Jennifer Morales comes from a place where feminist role models are rare and detainees are prevalent. She’s from Mission, Texas, a city in Hidalgo County—one of the immigration epicenters in the United States. “Whenever you hear about families getting separated at the border, they’re probably talking about Hidalgo,” she said. It’s economically depressed, politically unstable, and, according to Morales, extremely traditional in regards to gender roles.
“Where I’m from, a woman gets married. The end. You don’t go to school. You aren’t expected to do anything,” she said.
No one, she said, expected her to get a PhD in the male-dominated field of bioengineering, an accomplishment she achieved at Northeastern in August.
Joined by fellow bioengineering PhD graduate Jaclyn Lock, she has provided support and guidance to dozens of women and girls during her time at Northeastern. And with every young scholar she counsels, Morales thinks back to her own role models, the educators who helped her become an example for young women who want to pursue careers in science, technology, engineering, and math.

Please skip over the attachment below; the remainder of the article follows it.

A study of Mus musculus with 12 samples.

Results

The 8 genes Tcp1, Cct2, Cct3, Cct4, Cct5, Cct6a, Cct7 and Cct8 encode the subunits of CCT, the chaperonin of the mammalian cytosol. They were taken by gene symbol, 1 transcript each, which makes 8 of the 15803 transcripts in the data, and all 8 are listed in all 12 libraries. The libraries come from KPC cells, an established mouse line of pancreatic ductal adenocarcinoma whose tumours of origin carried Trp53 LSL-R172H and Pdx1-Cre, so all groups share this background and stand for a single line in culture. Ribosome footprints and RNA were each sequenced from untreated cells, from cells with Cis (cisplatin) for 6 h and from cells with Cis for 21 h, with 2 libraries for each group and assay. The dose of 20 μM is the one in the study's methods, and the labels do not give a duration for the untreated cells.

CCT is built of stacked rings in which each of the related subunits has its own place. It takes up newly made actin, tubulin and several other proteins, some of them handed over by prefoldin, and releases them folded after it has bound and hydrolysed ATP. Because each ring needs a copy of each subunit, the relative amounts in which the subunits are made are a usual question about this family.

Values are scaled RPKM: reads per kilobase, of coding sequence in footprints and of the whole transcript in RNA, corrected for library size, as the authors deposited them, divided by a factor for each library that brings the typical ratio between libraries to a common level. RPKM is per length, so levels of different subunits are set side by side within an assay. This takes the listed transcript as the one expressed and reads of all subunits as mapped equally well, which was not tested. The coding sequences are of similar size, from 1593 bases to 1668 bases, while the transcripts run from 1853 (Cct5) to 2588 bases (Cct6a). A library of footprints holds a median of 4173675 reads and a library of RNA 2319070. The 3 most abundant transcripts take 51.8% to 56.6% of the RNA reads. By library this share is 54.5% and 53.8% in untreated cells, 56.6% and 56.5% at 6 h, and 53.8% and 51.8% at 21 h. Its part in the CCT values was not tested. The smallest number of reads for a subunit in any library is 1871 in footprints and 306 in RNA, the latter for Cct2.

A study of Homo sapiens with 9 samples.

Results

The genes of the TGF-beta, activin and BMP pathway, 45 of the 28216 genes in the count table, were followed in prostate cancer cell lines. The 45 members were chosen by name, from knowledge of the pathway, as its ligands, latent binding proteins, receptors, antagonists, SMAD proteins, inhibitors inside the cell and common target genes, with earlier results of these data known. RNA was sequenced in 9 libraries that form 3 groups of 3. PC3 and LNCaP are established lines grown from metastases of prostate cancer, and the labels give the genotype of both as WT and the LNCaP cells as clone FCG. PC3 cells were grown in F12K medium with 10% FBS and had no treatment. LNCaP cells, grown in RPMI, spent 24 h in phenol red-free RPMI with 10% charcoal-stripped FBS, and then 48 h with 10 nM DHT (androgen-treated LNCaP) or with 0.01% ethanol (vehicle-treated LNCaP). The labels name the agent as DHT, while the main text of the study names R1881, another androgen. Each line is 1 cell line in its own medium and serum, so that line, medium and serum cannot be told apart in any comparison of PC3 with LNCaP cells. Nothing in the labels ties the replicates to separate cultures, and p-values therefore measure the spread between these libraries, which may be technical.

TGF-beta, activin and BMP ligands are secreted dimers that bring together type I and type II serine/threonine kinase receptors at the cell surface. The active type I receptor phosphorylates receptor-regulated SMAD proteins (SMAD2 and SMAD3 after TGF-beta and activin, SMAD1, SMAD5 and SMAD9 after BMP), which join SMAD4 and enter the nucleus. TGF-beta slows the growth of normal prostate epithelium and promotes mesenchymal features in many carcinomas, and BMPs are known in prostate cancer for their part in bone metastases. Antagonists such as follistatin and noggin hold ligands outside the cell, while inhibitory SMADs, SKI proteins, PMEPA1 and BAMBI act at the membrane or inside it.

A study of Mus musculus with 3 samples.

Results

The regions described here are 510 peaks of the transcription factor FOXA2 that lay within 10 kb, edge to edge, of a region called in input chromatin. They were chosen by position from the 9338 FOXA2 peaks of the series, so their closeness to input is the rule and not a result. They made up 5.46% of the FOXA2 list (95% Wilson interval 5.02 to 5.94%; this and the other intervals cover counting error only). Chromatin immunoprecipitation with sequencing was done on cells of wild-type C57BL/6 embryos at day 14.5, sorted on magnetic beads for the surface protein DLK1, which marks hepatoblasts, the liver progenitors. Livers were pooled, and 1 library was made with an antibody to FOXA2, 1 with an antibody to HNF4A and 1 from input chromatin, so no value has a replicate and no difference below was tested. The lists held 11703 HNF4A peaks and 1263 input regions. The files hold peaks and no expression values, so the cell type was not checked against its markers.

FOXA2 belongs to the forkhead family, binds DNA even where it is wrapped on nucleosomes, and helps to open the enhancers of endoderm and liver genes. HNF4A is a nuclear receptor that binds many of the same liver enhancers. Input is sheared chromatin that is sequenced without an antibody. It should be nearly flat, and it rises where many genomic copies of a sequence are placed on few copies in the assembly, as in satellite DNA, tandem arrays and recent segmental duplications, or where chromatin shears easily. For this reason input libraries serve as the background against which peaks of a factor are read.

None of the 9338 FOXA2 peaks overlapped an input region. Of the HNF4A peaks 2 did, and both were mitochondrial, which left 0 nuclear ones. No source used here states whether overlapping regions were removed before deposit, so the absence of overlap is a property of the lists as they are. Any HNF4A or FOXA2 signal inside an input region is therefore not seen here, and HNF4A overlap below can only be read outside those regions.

Morales served as vice president of Northeastern’s chapter of Graduate Women in Science and Engineering, which helps aspiring female scientists and engineers reach their potential.
She first met Lock during the group meetings. Lock mentored girls from Boston who came to Northeastern to learn about science and spend time with women in the industry.
In 2015, Lock and Morales were recognized by Northeastern President Joseph E. Aoun as Valued Student Leaders for their contributions to the organization.
Morales and Lock said that they look to each other for support. They’re both minorities, as women in engineering, and they both enjoy mentoring young women.
Lock said their friendship helped her succeed in bioengineering. “Meeting Morales was really comforting because I could relate to her,” Lock said. “Sometimes it takes strong women to tell other women that they’re strong too.”